When put in an awkward position...

FROM nasal swabs, spit tubes to antibody tests, there are many ways to detect the Covid-19 coronavirus.

But in China, one test, deemed controversial, has been added to its list of tests because experts believe the method could “increase accuracy”.

Since January, the country has been using anal swabs, alongside with other usual methods, to test for Covid-19 at major entry points and high-risk areas.

The test involves inserting a cotton swab between 3cm and 5cm long into the rectum, where it is gently rotated several times.

Each test is done twice and each swab takes about 10 seconds.

Anal swab was first made known to the public around mid-January when a nine-year-old pupil from Daxing district in Beijing was found to be asymptomatic.

Subsequently, the nucleic acid test was carried out on all students and staff from the school.

Soon after, the awkward method was introduced to workers from the key industries and places with a reported outbreak, followed by international travellers from high-risk areas at major entry points of China, including Beijing, Shanghai and Qingdao of Shandong province.

The practice has startled netizens, triggering a round of discussions with drawings on the proper positions for an anal swab to be taken being circulated on the Internet.

A video clip showing several adults and children walking like penguins at a place that looks like a hospital aisle spread like wildfire.

The “story” that went around was that they had just undergone the anal swabs.

But the authorities have cleared the air, pointing out that it was edited and warning that rumour-mongers could face legal action.

Some netizens admitted that they were stressed out when informed that they had to undergo the test.

“When I bent over with my pants stripped off and a medical staff poked my anus, I could only feel shame, ” one of them said.

“I was poked twice, once at a shallower part and another deeper inside. No special feelings, just endless shame, ” wrote another.

The anal swab issue took a “breather” when the Chinese started to put their focus on the Spring Festival, the list of travel restrictions and preventive measures that resulted in a majority not returning to their hometown for the celebration.

It resurfaced however after three countries, as of last Thursday, raised their complaints on the use of the anal swab on their citizens.

The first to protest was South Korea. It was reported that the Chinese government has agreed to exempt the South Koreans from the unpleasant practice, and that they only have to submit their stool specimen when entering the Middle Kingdom.

Next came the United States, which claimed that its diplomats in China were subjected to the embarrassing test.

The US State Department spokesperson said it was committed to guaranteeing the safety and security of American diplomats and their families while preserving their dignity.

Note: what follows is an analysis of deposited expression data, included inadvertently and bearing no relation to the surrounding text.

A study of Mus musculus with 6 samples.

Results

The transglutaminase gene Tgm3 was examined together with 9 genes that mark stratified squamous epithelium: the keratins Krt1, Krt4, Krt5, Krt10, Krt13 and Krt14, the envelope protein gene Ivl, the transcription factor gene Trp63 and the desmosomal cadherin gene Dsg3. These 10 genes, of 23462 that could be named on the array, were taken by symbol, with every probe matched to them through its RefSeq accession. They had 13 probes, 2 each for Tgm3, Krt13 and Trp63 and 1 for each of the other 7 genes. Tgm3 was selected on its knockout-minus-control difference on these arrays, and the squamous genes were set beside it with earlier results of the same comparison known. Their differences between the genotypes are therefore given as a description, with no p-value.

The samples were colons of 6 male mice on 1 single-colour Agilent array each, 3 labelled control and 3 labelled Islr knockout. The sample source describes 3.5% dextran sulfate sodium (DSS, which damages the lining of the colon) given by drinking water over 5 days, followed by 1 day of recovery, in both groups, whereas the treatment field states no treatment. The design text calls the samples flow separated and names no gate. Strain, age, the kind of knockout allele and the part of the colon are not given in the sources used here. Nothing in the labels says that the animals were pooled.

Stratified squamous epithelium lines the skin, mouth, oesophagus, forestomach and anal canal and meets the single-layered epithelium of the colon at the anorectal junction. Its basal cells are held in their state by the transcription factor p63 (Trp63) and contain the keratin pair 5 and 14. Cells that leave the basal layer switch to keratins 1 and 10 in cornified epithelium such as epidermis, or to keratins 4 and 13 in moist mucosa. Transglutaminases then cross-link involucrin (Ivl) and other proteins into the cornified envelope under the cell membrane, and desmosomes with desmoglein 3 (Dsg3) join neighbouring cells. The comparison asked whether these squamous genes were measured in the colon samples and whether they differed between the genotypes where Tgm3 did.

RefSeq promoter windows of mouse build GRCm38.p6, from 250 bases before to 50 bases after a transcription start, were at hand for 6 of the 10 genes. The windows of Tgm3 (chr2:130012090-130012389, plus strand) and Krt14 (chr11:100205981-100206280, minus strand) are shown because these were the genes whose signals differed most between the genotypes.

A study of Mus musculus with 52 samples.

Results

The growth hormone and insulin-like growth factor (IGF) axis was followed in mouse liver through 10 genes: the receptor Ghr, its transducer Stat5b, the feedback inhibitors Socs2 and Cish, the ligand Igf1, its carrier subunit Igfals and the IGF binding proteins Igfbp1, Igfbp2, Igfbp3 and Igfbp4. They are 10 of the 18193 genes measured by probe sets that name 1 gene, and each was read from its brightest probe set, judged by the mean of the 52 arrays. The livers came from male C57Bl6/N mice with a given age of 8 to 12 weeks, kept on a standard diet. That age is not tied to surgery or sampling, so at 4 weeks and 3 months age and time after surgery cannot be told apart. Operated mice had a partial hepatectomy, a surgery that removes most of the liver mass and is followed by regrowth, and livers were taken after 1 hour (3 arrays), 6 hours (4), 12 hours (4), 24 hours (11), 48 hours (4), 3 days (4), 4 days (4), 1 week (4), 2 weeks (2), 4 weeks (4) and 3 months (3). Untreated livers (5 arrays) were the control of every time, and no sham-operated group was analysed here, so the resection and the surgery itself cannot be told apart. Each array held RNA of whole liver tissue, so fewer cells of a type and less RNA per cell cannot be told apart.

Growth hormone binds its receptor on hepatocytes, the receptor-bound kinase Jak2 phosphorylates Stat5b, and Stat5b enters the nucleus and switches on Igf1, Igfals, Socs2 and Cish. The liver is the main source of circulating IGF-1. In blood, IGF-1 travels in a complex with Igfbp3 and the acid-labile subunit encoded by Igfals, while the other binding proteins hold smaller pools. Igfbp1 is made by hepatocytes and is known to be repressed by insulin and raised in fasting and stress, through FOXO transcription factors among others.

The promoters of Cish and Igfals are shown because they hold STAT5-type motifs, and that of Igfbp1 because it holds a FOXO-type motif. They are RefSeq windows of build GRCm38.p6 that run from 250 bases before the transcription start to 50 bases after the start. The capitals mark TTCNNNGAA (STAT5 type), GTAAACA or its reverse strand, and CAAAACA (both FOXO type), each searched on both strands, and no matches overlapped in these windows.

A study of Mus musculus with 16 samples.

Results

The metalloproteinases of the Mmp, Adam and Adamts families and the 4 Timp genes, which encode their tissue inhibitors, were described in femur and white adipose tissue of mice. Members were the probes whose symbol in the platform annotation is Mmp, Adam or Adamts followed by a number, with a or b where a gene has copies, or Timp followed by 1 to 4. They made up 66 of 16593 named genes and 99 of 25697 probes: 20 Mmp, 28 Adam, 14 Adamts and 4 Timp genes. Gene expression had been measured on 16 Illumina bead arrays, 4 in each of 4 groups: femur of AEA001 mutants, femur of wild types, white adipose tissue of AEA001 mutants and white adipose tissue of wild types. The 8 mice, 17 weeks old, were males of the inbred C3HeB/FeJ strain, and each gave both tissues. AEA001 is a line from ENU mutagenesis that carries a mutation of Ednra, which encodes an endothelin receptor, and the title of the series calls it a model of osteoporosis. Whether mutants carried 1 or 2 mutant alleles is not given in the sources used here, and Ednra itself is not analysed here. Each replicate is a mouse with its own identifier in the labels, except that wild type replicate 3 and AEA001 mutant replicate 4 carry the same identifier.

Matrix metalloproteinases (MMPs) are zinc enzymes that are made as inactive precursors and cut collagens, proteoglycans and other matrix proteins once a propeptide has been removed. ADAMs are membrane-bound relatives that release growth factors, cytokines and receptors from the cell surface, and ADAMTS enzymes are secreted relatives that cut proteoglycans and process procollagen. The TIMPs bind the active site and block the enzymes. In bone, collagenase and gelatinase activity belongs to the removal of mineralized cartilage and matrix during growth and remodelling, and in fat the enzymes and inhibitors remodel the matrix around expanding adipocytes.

Chinese foreign ministry spokesman Zhao Lijian denied the claims, saying: “As far as I know, China has never asked US diplomats stationed in the country to conduct anal swab tests.”

Last week, the Japanese government has also filed a formal request for its citizens to not undergo such test.

“Some Japanese citizens reported to our embassy that they received anal swab tests, which caused a great psychological distress, ” chief Cabinet secretary Katsunobu Kato said.

In response, China’s Foreign Ministry did not confirm or deny whether the method was used on the Japanese citizens.

It also did not reveal if Tokyo’s request would be considered.

Anal swab is time-consuming compared to throat and nasal swabs, so why did Beijing insist on continuing with the practice?

Beijing You’an Hospital infectious disease department deputy director Li Tongzeng told state TV, China Central Television, that studies had shown the coronavirus survived longer in the anus or excrement.

“For the asymptomatic carriers, taking an anal swab could increase accuracy, ” he explained, adding, however, that the method would only be applied to “high-risk groups”, including those at the quarantine centres.

But his counterpart Yang Zhanqiu, a deputy director of the pathogen biology department at Wuhan University, has an opposite view.

Yang told the Global Times that since the virus had proven to be contracted via the upper respiratory tract rather than the digestive system, the most efficient tests were still nasal and throat swabs.

“There have been cases concerning the presence of the coronavirus in a patient’s excrement but no evidence suggested that it has been transmitted through one’s digestive system, ” he pointed out.

In another news last month, a woman has demanded a compensation of 200,000 yuan (RM125,439) from a hospital in Shenzhen city of Guangdong province.

The woman, identified only as Yi, said a doctor there had examined her anus without the presence of a nurse.

“I felt harassed, ” she told Southern Metropolis Daily when relating her awful experience at Bao’an Center Hospital on Dec 27 last year.

The hospital told the daily that the doctor had done the proper diagnosis and treatment.

“Although there are no standard guideline and rules on male doctors examining the sensitive parts of female patients, the hospital has required for the presence of another female during the process, ” it added.